In that past, I had been unable to work due to my mental and physical issues not being properly being treated. Working, while living with Schizophrenia, is a great challenge and many are not at the point were having a job is a viable option. There are those, however, who could work, given a proper environment, good medical treatment and a supportive community.
Employment Barriers When Living with Schizophrenia
From past experiences, I have found the following to be barriers for my employment.
- Difficulties of finding work with good mental health benefits
- Work environments with strict attendance and behavioral policies.
- Certain jobs are stressful and can trigger an episode
- Co-workers can be non-supportive and hinder people with Schizophrenia
In seeking a solution to these barriers, I have realized that many traditional corporate jobs are difficult to work in. In identifying these barriers, I have stumbled upon occupations that were more suitable for myself. Work has lately not only been possible, but therapeutic.
A Job That Provides Flexibility is Key for Someone with a Serious Mental Illness
For the past two years, I have been working in real estate, buying, renovating and eventually renting out houses. This is possible because of my excellent medical care and a family which is supportive of my aspirations. These pictures show the properties I own and some of the renovations I have personally completed.
This work is less stressful and more elastic than most traditional jobs and is better suited for me, since sometimes I’m ill. I currently own a duplex, a house, and plan on buying a third building next year.
After my health improved, I was allowed to have access to a trust fund, that I was denied while my schizophrenia was not under control. Using this money, I began to buy properties for under $30,000 that needed some renovation. The first property I bought is completely renovated, and the second one is about halfway complete and should be ready to rent in three months. It is impossible to determine if this business adventure will be successful, but it is undoubtedly off to a good start.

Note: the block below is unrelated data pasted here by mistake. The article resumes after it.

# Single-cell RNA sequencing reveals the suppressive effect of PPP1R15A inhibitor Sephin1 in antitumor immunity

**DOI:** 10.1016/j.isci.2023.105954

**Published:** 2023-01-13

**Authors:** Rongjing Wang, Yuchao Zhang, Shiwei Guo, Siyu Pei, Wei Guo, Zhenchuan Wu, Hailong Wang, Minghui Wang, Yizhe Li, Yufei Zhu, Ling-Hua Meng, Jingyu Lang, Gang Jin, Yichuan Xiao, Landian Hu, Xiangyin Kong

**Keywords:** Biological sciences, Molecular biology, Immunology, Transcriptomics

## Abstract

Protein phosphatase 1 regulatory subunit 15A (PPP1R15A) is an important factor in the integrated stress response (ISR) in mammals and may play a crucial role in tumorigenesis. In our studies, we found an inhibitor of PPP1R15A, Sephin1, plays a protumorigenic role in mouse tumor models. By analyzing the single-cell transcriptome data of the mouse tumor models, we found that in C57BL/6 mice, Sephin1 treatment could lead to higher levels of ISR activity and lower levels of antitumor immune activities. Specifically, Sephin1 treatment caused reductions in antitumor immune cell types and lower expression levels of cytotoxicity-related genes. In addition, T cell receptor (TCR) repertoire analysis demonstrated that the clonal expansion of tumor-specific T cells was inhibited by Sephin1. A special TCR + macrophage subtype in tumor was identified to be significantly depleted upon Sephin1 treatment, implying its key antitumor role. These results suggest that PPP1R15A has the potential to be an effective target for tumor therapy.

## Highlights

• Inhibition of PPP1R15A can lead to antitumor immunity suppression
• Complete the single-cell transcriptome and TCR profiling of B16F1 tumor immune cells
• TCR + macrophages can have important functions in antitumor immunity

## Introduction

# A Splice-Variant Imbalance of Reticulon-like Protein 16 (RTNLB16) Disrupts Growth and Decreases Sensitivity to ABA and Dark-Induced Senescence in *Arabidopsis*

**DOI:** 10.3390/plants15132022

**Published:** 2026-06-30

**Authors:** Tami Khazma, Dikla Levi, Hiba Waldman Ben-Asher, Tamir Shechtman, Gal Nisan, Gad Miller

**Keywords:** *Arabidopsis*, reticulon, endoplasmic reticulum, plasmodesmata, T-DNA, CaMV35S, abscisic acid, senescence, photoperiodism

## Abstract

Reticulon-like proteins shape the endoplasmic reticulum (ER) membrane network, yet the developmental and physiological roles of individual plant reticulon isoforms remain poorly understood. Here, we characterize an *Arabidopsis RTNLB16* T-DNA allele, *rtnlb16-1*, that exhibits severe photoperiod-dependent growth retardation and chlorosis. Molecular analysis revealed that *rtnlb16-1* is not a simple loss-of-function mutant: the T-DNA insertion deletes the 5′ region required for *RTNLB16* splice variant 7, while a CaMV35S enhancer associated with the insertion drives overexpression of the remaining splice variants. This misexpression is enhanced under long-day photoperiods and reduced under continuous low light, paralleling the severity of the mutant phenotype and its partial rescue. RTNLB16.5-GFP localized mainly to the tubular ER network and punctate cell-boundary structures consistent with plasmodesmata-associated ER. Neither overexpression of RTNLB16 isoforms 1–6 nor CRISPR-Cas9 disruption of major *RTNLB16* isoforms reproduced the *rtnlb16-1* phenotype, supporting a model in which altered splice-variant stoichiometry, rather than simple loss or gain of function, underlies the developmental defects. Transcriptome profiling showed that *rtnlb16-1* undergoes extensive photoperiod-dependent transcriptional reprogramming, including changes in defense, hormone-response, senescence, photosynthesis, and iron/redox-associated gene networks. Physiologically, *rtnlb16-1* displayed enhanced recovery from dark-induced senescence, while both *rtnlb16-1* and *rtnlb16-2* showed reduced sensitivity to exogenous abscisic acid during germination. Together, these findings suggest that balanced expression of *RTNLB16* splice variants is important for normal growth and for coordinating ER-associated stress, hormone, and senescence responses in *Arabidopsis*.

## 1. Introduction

A Job Can Provide Purpose and Meaning to Your Life
Mental illness is a barrier to successful employment, but it is by no means the end of the road. My properties, along with my secondary job at an amusement park, have allowed me the independence and freedom that I could only dream of a few years ago. They have also given me purpose and meaning, while giving me something to do.
By no means am I implying that everyone with severe mental illness should pursue a real estate business venture. I am, however, implying that some people should think about what jobs would be suitable for them given their current situation. For others, work is not currently a viable option, but easily could be in the future.
Work is an important part of life, and finding suitable employment under the right conditions can help give meaning, purpose and hope to people with Schizophrenia. Employers should also place stigma by the wayside, and give people with Schizophrenia a chance to succeed and flourish. Some, given proper treatment, can be productive members of society.
If it was not for my labor, these buildings might still be vacant. Schizophrenia never stopped me from completing my projects, like it should never stop anyone else. Eventually, I hope to one day build homes for people with disabilities who have been in similar situations as myself.
Success and independence is possible with Schizophrenia, and don’t let anyone tell you otherwise. If employers would better accommodate people with Schizophrenia they might find people who can be beneficial employees. If more patients would adhere to treatment plans, they might find themselves capable of employment. I am sure that someday in the future people will realize this, and a solution will be found that benefits everyone.